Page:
How To Follow-Up With Your Future Client

Once Connected: Stay In Touch & Follow-Up With Your Future Client

I am going to keep this blog post brief. In fact, I will concentrate on one feel-good idea: do some follow-up touching.

Do The Client Follow-Up

No, it isn’t a 1960’s James Brown song. Follow-up means stay in touch with past clients, referrals that have not signed up yet and clients that you’ve pitched and did not win.

Need three reasons to have a follow-up plan?

  1. Ex-clients can recircle to become a new client. I had a casino client that did just that after a couple of years of their wandering in the agency forest. It took them a while to re-realize just how wonderful my agency was.
  2. Your ex CMO, the one that left your account in the lurch, will resurface someday at a new client organization that will want you.
  3. Client prospects that did not choose you in a pitch will eventually tire of the agency they selected and might eventually realize that they want your brilliance. After a pitch loss, do not say, “oh, they didn’t select us – boo hoo” and crawl into a hole. Nope, stay in touch. After all, that client once put you on their new agency shortlist.

Here is a how-to from my book: The Levitan Pitch. Buy This Book. Win More Pitches. (LOL, given the book’s sales figures, there is a good chance your competition has already read the book. Go buy it).

The Post Pitch Follow-Up

You’ve busted your ass to get into and then pitch the new client. Sorry, you did not win. Now what?

Chances are good that it has been at least a couple of months since the client or consultant first made contact. This major league pitch might have included an RFI, RFP, a kick-off meeting, phone calls, questions, and your own special strategies designed to make you look smart, passionate and well, you fill in the blanks of what you did ahead of the big presentation.

After the presentation, you graciously handed over your leave behind, smiled, hugged, and walked out. Now what? Really, now what? You could sit by the phone like a 1950’s ingénue on a Friday night waiting for that call or be a bit more aggressive. But, how aggressive? And how long should you take before you make contact? How passionate do you want to look – because there can be a fine line between looking passionate and, well, desperate.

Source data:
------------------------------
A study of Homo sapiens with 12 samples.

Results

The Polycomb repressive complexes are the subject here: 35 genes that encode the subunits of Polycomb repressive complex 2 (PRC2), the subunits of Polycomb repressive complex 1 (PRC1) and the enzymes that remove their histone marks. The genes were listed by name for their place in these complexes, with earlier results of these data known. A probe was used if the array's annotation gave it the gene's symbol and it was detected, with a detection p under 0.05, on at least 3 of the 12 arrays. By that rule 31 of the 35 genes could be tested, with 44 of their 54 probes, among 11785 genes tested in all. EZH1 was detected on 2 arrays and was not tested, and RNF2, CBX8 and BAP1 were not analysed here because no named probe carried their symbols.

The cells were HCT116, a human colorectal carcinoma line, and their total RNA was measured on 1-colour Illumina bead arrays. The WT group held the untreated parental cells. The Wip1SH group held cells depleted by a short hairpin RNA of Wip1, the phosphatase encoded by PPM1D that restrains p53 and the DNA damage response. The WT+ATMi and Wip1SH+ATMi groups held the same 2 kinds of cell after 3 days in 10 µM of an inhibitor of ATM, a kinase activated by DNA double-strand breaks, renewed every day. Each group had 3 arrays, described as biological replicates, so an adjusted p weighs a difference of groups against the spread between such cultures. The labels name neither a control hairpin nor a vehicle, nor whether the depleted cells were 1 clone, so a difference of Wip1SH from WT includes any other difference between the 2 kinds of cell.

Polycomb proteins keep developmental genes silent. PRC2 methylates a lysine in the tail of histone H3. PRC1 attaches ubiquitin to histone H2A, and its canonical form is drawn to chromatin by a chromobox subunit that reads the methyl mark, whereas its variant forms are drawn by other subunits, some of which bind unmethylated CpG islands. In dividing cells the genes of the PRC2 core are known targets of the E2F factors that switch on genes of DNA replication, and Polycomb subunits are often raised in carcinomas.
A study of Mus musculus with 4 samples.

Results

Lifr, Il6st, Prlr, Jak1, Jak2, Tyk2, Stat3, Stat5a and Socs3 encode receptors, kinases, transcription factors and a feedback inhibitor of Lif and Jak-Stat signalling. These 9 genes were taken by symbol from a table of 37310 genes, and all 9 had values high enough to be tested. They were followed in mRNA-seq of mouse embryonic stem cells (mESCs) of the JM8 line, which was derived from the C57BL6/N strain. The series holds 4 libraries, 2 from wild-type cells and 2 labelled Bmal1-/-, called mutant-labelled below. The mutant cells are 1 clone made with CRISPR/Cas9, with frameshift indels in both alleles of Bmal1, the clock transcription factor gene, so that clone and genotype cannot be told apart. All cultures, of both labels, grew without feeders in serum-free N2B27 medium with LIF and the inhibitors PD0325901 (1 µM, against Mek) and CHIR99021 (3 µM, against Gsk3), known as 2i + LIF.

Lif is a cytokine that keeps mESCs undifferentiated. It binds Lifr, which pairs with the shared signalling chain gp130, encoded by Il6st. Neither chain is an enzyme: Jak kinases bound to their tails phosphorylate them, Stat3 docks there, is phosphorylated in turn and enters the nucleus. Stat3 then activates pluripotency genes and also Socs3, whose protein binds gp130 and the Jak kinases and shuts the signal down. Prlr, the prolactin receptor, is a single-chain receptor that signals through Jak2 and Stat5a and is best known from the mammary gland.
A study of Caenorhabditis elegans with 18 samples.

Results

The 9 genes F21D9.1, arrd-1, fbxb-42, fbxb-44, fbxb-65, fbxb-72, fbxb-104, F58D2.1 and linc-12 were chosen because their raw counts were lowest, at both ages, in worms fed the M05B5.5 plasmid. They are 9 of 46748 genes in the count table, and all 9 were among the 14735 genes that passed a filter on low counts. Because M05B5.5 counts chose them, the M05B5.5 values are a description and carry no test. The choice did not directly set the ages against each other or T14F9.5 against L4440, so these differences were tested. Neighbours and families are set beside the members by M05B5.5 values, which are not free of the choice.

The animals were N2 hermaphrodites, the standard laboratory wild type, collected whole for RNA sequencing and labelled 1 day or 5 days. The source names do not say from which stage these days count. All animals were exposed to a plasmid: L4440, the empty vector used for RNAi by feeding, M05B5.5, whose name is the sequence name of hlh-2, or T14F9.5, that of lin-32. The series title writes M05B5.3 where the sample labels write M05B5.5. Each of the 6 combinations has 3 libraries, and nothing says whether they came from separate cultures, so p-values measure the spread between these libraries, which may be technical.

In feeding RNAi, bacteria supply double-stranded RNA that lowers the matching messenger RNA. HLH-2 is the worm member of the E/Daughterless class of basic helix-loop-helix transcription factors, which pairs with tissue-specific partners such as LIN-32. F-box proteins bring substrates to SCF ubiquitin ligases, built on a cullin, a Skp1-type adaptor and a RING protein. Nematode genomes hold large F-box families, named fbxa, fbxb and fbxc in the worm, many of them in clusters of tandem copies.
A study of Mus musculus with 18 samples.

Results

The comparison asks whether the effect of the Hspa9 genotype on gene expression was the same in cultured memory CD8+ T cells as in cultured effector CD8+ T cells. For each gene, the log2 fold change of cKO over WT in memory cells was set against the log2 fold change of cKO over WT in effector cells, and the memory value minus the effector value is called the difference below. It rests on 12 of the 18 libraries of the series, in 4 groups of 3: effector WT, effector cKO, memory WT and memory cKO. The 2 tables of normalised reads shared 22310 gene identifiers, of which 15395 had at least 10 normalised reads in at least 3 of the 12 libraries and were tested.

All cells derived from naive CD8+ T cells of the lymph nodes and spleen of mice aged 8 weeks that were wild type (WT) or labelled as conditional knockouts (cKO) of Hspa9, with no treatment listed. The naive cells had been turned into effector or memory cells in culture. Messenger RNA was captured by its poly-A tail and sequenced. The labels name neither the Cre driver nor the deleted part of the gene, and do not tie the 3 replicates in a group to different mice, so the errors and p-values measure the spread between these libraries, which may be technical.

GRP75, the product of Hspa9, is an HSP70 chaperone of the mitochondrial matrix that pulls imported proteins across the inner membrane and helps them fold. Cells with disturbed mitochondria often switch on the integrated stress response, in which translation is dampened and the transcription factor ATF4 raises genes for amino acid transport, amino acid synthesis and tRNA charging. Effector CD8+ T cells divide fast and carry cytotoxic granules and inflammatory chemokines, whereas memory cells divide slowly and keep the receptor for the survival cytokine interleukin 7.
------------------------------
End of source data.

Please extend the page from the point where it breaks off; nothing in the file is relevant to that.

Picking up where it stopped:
As I have said before: every pitch lives in its own little world and has its own pace. Some clients recognize that you are anxious, there is a need for speed, and that they should get back to you quickly. Some are not so caring. Or worse, after going through the pitch process, they may be revaluating their initial business objectives and requirements. Need more maybes?

Maybe the client is now wondering about what type of agency they really need. Do they want a huge agency or a specialist? Maybe a decision maker just went out of mobile range to climb K2 for three weeks. Or, maybe, just maybe, the budget has shrunk.

Or, bam! After getting to know a few new agencies, they’ve realized that they really love the incumbent agency.

Lots of maybes. But fear of follow-up? Get over it. I mean, get over over-thinking. The deal is that you have no choice but to follow-up. You have to look like you care, a lot. Clients, good clients, respect passion. Here are my 3 follow-up rules.

  1. Do it. Find the balance between looking very interested in working with the client and being respectful of their time. Being a nuisance does not work. Acting interested does. The other agencies will follow-up. Just do your own follow-up scenario smarter.
  2. Find a value-add reason to follow-up. Chances are good that the client asked a question in the meeting that could be the basis for a follow-up call. It is quite possible that you didn’t have the time during the presentation to answer a question in detail, or you might have some new related research to impart. Maybe you held back some information, and it’s now time for your pre-planned reveal.
  3. Be you. Maintain the personality you used in the presentation. Be genuine, professional, and if you can, add some humor if appropriate.

A Pitch Planning Tip:

Don’t wait till after the meeting to create a follow-up plan. Think ahead and have a follow-up insight or document at the ready. Consider embedding a preplanned reason to follow-up in your presentation. Let the client know that you will be sending them something and get it to them fast. Get it in their head that you are on the ball and are proactive.

Give me a call. Let’s discuss your last or future pitch.